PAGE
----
Amazon's Cortana facility delayed by supply chain issues; still on track for 2023 opening – The Advocate


Work continues on the Amazon distribution center at the site of the former Cortana Mall late Tuesday afternoon, October 4, 2022. Supply chain issues have delayed the opening of the massive Amazon fulfillment center at the former Cortana Mall site, but the company said the facility is still set to open in 2023.
Work continues on the Amazon distribution center at the site of the former Cortana Mall late Tuesday afternoon, October 4, 2022. Supply chain issues have delayed the opening of the massive Amazon fulfillment center at the former Cortana Mall site, but the company said the facility is still set to open in 2023.
Supply chain issues have delayed the opening of the massive Amazon fulfillment center at the former Cortana Mall site, but the company said the facility is still set to open in 2023.
The $3.8 million facility is still under construction, so Amazon does not have a firm launch date, said Steve Kelly, a spokesman for the online retailer.
“Issues with the supply chain have delayed us a little bit,” Kelly said.
When Amazon formally launched construction of the Cortana facility in June 2021, the company said it was on track to be fully operational by December 2022.
But in April 2022, Jessica Breaux, an economic development manager for Amazon, said the opening would be sometime in 2023. At the time, Breaux said work was nearly done on the exterior and work was set to begin soon on installing the hundreds of miles of conveyor systems.
The facility is nearly 90 feet tall, and the second through fifth floors will be taken up by storage, robots and conveyors, which will pluck items and transport them down to the first floor for packaging and distribution.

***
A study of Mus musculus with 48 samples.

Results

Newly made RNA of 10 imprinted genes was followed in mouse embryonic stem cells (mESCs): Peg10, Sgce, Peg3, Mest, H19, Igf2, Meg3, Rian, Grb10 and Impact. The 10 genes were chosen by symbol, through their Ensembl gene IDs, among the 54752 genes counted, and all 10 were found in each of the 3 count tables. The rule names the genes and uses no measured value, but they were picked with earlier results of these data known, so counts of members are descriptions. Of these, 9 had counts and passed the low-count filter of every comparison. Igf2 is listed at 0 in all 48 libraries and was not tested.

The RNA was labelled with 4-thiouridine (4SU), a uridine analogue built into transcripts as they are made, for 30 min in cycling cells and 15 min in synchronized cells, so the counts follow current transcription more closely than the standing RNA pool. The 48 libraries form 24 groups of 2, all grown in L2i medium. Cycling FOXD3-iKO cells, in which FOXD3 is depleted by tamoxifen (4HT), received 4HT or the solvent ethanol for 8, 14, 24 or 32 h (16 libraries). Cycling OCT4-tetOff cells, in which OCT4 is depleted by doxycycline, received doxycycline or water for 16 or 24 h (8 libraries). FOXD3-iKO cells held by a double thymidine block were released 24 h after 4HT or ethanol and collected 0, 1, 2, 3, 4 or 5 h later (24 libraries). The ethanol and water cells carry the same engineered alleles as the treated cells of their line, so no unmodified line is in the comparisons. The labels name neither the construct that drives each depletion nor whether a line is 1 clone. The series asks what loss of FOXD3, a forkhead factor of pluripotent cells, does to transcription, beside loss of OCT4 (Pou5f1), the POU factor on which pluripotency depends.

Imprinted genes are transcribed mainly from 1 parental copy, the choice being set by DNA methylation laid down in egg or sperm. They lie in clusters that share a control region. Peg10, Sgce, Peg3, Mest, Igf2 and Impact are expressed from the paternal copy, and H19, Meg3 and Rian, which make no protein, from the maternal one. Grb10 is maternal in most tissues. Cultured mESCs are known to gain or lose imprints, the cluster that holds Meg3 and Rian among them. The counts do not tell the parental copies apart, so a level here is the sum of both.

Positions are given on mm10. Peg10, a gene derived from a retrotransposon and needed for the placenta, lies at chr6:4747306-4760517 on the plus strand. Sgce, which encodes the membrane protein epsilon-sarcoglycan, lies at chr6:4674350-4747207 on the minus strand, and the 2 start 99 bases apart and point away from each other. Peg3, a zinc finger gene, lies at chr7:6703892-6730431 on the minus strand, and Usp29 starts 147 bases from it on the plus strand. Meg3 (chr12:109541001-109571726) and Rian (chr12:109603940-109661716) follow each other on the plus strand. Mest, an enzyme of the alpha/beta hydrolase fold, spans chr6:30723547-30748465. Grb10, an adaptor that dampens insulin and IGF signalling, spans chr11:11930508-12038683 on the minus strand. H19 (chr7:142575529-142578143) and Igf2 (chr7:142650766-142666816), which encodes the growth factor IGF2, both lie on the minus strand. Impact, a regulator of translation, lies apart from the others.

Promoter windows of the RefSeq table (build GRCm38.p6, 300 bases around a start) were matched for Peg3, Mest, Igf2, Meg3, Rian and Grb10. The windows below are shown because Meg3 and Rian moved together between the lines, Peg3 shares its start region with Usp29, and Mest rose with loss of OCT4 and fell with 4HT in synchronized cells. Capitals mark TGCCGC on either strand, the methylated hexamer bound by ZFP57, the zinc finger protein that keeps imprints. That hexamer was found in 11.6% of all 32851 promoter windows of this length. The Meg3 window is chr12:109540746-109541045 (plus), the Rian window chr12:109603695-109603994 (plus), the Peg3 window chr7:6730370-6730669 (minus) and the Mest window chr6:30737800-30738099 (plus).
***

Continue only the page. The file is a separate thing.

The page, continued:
The openings for two other Amazon centers in Louisiana have been delayed. A Slidell delivery center that was set to open in 2022 will now open later. A Shreveport fulfillment center that was scheduled to open in September 2022 has had its opening pushed back until sometime this year, according to local media reports.
Amazon saw its business boom during the COVID pandemic, as people turned to shopping online instead of going into stores. But as shoppers returned to physical retailers and cut back on buying because of high inflation, the company saw its business dip in 2022. CEO Brian Olsavsky told the press that the company had too much space.
The company has pared back the number of warehouses, shutting down or canceling plans for 44 locations and delaying the opening of 25 sites, according to a report from MWPFL International, a logistics consulting firm that closely tracks Amazon’s activities.
Amazon still plans to hire about 1,000 people to work at the Cortana site. The company hasn’t started hiring yet; traditionally Amazon starts staffing up six to eight weeks before a fulfillment center opens.
Email Timothy Boone at tboone@theadvocate.com.